Consume 8 oz. of water or more before going into a sauna. Because your body loses water through sweat while in a sauna, this will help to restore moisture to the body.

Wear clothing that is very lightweight and nonrestrictive. Clothing materials that “breathe,” such as those that contain natural fibers such as cotton, are the best options, as they do not lock in heat and help to absorb the body’s sweat.

Bring a towel with you to the sauna to provide a soft area on which to sit or as a moisture absorber for any sweat.

Stay in the sauna for only 15 minutes if you have not used a sauna before or are not feeling well—for example, if you have an infection, cold or flu. Using a sauna for longer under these circumstances can result in heat stroke or loss of consciousness. If you have regularly utilized saunas, do not stay in for longer than an hour. If you notice you are feeling weak or suddenly fatigued, exit the sauna immediately.

Wait several minutes before entering a cool shower or pool, or exposing yourself to cool outside air. This dramatic change in temperature following a sauna can place excess stress on your heart and cause your blood pressure to rise too quickly.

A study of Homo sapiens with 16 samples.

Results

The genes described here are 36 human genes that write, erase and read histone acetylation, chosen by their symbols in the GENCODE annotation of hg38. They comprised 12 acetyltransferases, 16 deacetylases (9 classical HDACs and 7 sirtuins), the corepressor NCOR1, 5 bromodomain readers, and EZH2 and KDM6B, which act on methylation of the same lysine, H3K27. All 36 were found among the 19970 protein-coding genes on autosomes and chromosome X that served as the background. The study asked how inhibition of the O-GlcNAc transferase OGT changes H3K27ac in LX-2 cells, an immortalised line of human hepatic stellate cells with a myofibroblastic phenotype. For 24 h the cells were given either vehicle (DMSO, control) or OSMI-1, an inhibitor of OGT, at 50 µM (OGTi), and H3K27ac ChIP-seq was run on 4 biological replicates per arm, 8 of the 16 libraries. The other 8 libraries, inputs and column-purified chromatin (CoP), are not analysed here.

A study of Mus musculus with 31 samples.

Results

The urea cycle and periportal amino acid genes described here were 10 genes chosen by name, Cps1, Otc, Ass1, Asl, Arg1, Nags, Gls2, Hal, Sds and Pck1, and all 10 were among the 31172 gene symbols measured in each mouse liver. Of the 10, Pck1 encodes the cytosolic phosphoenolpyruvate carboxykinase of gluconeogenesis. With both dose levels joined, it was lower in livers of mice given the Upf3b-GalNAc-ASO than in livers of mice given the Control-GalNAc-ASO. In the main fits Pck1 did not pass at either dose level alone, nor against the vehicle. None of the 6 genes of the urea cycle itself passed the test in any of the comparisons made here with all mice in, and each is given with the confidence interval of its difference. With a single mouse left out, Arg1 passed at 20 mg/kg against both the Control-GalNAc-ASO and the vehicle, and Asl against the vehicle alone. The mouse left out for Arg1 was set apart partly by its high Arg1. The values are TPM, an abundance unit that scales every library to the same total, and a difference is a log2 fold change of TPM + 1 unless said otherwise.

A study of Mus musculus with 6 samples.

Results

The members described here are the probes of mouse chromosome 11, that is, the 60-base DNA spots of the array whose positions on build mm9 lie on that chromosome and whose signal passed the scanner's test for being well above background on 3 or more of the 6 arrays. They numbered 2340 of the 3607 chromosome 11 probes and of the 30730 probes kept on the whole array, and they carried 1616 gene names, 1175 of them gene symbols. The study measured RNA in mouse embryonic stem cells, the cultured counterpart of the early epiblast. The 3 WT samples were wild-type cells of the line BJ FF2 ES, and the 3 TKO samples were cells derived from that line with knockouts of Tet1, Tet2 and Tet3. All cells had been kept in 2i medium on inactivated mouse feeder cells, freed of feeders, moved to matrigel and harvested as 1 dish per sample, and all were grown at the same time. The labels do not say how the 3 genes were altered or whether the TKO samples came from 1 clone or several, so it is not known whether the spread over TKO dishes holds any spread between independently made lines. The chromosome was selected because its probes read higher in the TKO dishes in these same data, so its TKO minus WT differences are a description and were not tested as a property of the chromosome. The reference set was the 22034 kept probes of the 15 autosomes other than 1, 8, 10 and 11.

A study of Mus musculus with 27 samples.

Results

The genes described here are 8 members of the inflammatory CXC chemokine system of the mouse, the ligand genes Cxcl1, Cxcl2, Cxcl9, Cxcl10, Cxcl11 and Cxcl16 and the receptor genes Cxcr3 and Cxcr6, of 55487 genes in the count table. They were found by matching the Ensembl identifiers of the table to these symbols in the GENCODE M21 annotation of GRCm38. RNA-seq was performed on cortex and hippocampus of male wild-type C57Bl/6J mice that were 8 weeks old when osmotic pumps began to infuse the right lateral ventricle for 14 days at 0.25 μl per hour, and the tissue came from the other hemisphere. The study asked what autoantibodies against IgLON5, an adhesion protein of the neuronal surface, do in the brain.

Drink more water (at least 8 oz.) following using a sauna in order to continue to replace lost water.


Always wear a pair of sandals in your sauna, as this prevents you from coming into contact with germs that can linger at some health clubs, gyms or other public facilities.


Never use a sauna after you have been drinking alcohol or taking sedatives, as either behavior can lead to severe dehydration, dizziness and loss of consciousness. The same goes for after eating a heavy meal, as the sauna can interfere with digestion. Remove all jewelry prior to entering a sauna, as some temperatures can heat the jewelry to the point that it can burn the skin.


Rachel Nall

Rachel Nall began writing in 2003. She is a former managing editor for custom health publications, including physician journals. She has written for The Associated Press and "Jezebel," "Charleston," "Chatter" and "Reach" magazines. Nall is currently pursuing her Bachelor of Science in Nursing at the University of Tennessee.